MacNoravich History, Family Crest & Coats of Arms
The ancestors of the name MacNoravich lived among the Boernician tribes of the ancient Scottish-English border region. The name derives from a nickname for a person who was the elder of two people,  bearing the same name or the name could have been derived from the Old English "ealdra," meaning "elder." Alternatively, the name could have a nickname for someone who was a "dweller at, or near, an elder tree." 
Early Origins of the MacNoravich family
The surname MacNoravich was first found in Edinburghshire, a former county, now part of the Midlothian council area. One of the first records of the family was John Eldar or Eldare de Corstorfin who was burgess of Edinburgh in 1423 and "the surname is also recorded in Aberdeen in 1447. John Elder, a renegade Scot, urged Henry VIII ('Bagcheeks') to invade Scotland, assuring him of the support of the Highland Clans. Andro Elder, was a reidare at Menmure in 1574." 
Further to the south, "this surname is derived from a nickname 'the elder.' The usual form in the Yorkshire Poll Tax is Senior, and this has become one of the strongly established surnames of that county." However, the Yorkshire Poll Tax Rolls of 1379 does list Ricardus ye Elder. 
Early History of the MacNoravich family
This web page shows only a small excerpt of our MacNoravich research. Another 74 words (5 lines of text) covering the years 1555, 1542, 1680, 1700 and are included under the topic Early MacNoravich History in all our PDF Extended History products and printed products wherever possible.
MacNoravich Spelling Variations
Since medieval scribes spelled words according to sound, and since there were no consistent rules for the translation of rules from Gaelic to English, spelling variations are extremely common in Boernician names of this vintage. MacNoravich has been spelled Elder, Elders, Eldar, MacNoravaich and others.
Early Notables of the MacNoravich family (pre 1700)
Notable amongst the family at this time was John Elder (fl. 1555), Scottish writer, a native of Caithness who passed twelve years of his life at the universities of St. Andrews, Aberdeen, and Glasgow, and appears to have entered the ministry. "He came to England soon after the death of James V of Scotland in 1542, when he presented to Henry VIII a 'plot' or map of the realm of Scotland, being a...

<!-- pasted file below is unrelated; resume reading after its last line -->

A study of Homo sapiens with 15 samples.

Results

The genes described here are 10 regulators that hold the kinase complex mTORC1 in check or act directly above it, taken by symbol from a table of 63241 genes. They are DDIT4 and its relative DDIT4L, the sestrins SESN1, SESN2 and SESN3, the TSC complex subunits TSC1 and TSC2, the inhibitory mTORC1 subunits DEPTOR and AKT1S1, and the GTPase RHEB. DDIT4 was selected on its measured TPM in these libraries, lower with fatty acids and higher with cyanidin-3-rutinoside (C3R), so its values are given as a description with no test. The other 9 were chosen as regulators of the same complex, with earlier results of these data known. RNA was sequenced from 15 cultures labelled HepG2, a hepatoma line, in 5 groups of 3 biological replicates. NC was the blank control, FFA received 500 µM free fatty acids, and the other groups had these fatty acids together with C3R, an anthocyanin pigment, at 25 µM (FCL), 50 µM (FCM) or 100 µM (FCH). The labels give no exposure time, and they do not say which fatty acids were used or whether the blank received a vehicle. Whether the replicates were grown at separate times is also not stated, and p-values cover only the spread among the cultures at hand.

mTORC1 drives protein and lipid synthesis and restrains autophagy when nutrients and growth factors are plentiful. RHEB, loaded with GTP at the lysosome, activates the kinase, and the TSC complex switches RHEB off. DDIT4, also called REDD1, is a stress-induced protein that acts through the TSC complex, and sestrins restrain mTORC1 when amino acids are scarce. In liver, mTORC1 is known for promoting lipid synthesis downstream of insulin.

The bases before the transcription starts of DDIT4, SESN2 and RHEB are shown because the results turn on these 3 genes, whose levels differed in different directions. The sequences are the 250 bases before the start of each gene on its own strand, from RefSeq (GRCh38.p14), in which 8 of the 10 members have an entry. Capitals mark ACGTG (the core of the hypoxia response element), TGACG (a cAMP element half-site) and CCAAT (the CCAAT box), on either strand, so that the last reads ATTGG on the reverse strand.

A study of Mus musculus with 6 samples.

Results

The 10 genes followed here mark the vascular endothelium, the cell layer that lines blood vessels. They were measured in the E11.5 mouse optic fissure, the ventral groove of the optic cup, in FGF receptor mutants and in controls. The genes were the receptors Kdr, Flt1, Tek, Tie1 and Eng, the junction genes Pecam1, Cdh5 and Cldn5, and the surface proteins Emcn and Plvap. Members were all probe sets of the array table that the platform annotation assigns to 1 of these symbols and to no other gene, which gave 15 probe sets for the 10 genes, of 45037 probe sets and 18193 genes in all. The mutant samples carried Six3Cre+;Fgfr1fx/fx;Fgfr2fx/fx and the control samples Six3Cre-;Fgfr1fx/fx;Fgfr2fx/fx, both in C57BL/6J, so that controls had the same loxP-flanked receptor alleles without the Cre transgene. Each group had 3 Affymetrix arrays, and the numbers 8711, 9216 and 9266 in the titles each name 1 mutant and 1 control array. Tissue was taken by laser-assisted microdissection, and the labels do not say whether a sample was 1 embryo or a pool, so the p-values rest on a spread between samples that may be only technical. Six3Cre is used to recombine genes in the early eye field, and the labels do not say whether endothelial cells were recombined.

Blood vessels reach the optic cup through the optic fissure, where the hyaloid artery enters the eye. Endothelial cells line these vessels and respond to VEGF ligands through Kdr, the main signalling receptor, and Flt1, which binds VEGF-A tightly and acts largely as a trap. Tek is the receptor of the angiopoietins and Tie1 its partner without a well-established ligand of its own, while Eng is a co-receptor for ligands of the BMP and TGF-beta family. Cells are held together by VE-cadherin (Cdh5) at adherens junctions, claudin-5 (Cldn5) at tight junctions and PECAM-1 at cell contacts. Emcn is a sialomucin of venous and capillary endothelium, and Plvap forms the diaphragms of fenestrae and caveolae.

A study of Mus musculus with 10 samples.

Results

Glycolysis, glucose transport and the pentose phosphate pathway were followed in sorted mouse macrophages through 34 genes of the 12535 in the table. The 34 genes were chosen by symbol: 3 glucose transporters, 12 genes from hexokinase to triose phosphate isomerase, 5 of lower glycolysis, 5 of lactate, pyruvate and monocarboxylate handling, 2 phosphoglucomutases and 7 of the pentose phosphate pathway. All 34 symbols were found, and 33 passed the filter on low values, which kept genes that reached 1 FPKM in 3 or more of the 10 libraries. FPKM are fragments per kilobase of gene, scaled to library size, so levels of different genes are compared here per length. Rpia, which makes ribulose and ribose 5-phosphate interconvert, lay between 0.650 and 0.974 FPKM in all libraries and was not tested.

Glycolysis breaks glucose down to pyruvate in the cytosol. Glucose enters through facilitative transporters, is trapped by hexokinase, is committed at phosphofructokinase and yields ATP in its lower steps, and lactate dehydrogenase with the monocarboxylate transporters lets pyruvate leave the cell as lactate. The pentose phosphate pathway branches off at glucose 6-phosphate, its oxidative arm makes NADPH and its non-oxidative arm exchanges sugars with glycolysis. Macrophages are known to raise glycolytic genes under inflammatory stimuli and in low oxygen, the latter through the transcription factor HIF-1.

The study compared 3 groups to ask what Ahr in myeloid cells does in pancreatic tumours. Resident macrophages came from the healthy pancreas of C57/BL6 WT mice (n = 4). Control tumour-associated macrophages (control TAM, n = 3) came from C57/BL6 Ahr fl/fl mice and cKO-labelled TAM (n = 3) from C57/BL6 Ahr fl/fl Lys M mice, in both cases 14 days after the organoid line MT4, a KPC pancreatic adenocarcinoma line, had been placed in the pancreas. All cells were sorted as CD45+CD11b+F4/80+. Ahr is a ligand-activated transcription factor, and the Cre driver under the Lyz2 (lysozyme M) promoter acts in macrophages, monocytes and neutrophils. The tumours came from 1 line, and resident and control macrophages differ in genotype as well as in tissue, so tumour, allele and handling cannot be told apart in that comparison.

Migration of the MacNoravich family to Ireland
Some of the MacNoravich family moved to Ireland, but this topic is not covered in this excerpt.
Migration of the MacNoravich family
Many of the Boernician-Scottish families who crossed the Atlantic settled along the eastern seaboard in communities that would become the backbone of the emerging nations of the United States and Canada. In the War of Independence, American families that remained loyal to the Crown moved north into Canada and became known as United Empire Loyalists. The ancestral culture of all of these proud Scottish families remains alive in North America in the 20th century through Clan societies and highland games. Early North American immigration records have revealed a number of people bearing the name MacNoravich or a variant listed above: James Elder who settled in New Hampshire in 1718; along with Thomas, followed by David, Isaac, John, Robert, Samuel, and Thomas; but perhaps the most famous of the settlers was the Reverend John Elder who formed and was Captain of the Paxtang Rangers, known as the Paxtang Boys in 1753.
The motto was originally a war cry or slogan. Mottoes first began to be shown with arms in the 14th and 15th centuries, but were not in general use until the 17th century. Thus the oldest coats of arms generally do not include a motto. Mottoes seldom form part of the grant of arms: Under most heraldic authorities, a motto is an optional component of the coat of arms, and can be added to or changed at will; many families have chosen not to display a motto.
Motto: Virtute duce
Motto Translation: With virtue for guide.